Amidst the row of pre-war houses along Kimberley Street in George Town, Penang, there lay many hidden treasures waiting to be uncovered by the young and restless.
Housed in these old buildings are people and businesses who have seen Penang’s development through their century old windows.
In this busy street, many famous delicacies that are significant to Penang’s food, heritage and culture that are key to it’s food tourism, were born.
There is Koay Teow Th’ng stall that once used abalone as a condiment and a dessert stall that has grinded through three generations.
Hainanese kopitiams who have brewed and fed generations of patrons, Char Koay Teow’s that have filled the tummies of movie goers who frequented the once bustling independent cinemas around town, etc.
One of the many businesses who have set a foot hold on Kimberley Street is Nam Kie, an 83 year old Hainanese Kopitiam that was once a bustling meeting point for many Hainanese migrants that came to Penang in search of a better life.
Then, Nam Kie would normally operate in the day time with a non-pretentious menu of good old Hainanese Kopi, homemade Kaya, charcoal flame toasted bread and soft boil eggs. Now they have added Hianan Char to their staple.
Apart from Nam Kie, Khee Cheang Leong, which is still operating, was available to provide for the night dwellers with similar offerings and maybe more.
Though coffee was brought into the then Malaya, it has gained much popularity and demand by the migrants be it Chinese, Indian and even the Malays who have made the once colonial trading hub their centre of business, life and home.
What sets the Hainanese kopi or coffee apart from the Western world coffees is the method of processing and the technique of brewing the bitter kopi beans.
The beans are roasted in a wok with sugar, butter and wheat, thus the malty rich and buttery creamy taste that is produced after brewing with the optimum water temperature, right size of cloth filter and most importantly the experience and skill of the master brewer.
We were told that if all the combinations are right, the brewed kopi ‘O’ or black coffee would induce a drunk or ‘high’ sensation that many patrons seek and look forward for.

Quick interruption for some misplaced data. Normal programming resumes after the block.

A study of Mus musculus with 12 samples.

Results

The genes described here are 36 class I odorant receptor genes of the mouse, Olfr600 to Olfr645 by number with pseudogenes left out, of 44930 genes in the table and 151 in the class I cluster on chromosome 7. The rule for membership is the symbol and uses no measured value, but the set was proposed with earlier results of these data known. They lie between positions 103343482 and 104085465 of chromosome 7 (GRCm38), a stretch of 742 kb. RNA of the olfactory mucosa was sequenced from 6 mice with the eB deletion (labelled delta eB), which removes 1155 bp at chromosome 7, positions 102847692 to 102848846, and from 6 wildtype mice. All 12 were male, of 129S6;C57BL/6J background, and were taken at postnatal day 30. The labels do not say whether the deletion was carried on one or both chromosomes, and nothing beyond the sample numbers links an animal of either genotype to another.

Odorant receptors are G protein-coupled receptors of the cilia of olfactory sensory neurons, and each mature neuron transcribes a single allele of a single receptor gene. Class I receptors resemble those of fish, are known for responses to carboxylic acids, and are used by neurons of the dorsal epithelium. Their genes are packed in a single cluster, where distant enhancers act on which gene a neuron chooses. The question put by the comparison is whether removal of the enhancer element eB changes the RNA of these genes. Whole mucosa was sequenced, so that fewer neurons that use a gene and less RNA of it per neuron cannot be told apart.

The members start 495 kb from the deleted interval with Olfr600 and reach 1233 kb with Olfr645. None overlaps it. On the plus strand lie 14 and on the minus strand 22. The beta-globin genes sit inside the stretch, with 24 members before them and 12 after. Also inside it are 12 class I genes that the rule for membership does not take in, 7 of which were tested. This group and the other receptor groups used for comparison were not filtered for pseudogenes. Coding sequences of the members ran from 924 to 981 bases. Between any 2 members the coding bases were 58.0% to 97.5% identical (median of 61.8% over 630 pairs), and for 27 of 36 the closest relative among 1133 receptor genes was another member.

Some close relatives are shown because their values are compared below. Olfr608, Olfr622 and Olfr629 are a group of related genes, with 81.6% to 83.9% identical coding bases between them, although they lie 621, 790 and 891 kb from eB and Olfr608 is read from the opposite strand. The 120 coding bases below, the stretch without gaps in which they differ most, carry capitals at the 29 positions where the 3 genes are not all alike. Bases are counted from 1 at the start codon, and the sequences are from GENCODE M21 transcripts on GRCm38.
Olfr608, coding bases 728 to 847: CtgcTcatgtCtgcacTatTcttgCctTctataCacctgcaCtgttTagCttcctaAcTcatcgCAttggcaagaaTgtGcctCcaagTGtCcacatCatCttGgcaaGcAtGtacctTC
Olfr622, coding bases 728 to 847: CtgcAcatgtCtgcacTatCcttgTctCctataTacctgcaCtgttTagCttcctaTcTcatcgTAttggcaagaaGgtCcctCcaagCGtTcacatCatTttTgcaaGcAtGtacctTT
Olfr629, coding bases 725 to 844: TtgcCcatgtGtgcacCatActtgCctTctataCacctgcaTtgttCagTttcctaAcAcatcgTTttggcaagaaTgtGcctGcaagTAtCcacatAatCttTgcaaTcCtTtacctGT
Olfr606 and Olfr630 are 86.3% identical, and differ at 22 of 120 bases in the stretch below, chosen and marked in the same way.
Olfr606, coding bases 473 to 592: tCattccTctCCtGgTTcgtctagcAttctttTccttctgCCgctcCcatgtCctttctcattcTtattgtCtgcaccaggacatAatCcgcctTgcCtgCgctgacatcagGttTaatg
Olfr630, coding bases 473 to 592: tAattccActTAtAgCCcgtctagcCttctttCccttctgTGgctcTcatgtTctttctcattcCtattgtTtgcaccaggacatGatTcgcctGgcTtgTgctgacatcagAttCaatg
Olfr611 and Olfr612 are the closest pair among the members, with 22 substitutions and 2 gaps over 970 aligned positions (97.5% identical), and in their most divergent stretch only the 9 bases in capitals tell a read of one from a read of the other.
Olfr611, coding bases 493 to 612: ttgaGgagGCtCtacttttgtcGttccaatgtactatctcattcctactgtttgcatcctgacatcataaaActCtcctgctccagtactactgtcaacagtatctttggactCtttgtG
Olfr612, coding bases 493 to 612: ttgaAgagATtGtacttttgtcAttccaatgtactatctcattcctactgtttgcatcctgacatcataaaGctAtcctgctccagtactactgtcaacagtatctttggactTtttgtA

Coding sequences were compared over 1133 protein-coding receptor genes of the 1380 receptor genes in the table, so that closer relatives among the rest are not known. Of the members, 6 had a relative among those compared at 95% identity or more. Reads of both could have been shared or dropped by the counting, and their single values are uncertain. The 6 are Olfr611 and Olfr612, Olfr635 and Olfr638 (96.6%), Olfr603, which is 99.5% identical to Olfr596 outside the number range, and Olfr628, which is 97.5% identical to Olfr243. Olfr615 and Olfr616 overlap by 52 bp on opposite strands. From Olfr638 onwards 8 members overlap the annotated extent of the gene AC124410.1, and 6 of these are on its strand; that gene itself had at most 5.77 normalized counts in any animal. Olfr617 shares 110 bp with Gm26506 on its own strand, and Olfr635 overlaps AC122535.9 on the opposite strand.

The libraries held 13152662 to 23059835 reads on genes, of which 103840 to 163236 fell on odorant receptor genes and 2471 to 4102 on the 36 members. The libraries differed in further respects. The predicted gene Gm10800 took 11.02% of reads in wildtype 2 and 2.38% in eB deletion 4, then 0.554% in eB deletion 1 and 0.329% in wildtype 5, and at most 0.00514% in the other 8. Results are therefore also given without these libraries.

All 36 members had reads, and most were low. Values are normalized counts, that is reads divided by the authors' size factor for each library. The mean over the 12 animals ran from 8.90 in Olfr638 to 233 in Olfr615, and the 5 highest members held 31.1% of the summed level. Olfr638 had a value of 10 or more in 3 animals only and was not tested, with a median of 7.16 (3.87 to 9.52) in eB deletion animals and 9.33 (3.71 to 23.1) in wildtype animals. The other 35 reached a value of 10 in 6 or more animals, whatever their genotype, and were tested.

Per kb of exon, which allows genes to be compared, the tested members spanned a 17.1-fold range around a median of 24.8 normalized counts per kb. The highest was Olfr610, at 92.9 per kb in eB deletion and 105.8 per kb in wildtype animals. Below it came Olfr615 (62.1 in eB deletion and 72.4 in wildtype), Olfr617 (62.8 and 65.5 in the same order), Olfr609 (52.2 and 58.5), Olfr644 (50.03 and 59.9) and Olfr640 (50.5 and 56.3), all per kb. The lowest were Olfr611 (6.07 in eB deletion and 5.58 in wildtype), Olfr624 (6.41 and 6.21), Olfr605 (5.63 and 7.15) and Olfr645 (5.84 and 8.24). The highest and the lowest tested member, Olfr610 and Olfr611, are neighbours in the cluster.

It depend what is the preference of the drinker, the generic Hainan kopi can be served Kopi ‘O’ (black coffee with sugar or without), Kopi (coffee with sweeten condensed milk), Kopi-C (coffee with sugar and evaporated milk) or anything that you fancy.
Nam Kie has given me the opportunity to taste a Kopi ‘O’ that delivers sweetness with a slightly bitter after taste without the acidic end, and Kopi that is creamy, sweet that ends with a bitter sensation to the tongue.
Kaya is the Peranakan version of a Western jam, made from eggs, freshly pressed coconut cream, pandan (screw pine leafs), sugar and lots of patience.
Nam Kie double boils their Kaya concoction for at least half a day until it naturally turns brownish in colour and develops a distinctive rich creamy coconut flavour. If the kaya is cooked thoroughly, then the longer it will last in room temperature.
Quality ingredients also determine the life span of the kaya, we were told that they used to make Kaya that can stay fresh for at least two weeks without refrigerating. As time changes, the quality of sugar and coconut has decline and thus reducing the live span to around one week
With the rising competition from organized food courts and fast food franchises, Nam Kie has begun to dish out the family style Hainan Char or Hainanese Stir-Fried Noodles.
Their aim is to recapture their dwindling customer base who have either moved out from the bustling city or have moved on.
Their Hainan Char is similar with the Penang style Hokkien Char minus the prawn base stock and the dark soya sauce used to give colour and taste to the carefully choreographed stir-fried yellow noodles and vermicelli.
In its original form, their Hainan Char consist of lean pork slices and fresh prawns stir-fried with fragrant garlic and lard, which then serves as a base to a handful of yellow noodles and rice vermicelli and mustard leaves that are braised in a sweet soup stock for extra flavour.
For added colour and taste, you may request for the dark version of the Hainan Char that infuses dark soya sauce for a nutty and savoury caramel flavour.
If you are lucky enough, then you might get to try their Oyster Noodles or Oh Mee that is filled with the flavours of the sea, with a little bit of earthiness and a little bit of creaminess.
If you are not having to rush from place to place and fighting with the clock, try stepping back in time and savour the atmosphere of a time gone by.
It reflects the taste and flavours that have aged and been polished with time. Feel the passion of true professionals, who aim to please by reproducing perfection in every dish they prepare.
Give thoughts and thanks to the hard-work and discipline to those who still strive to give you the best on every one of their tables.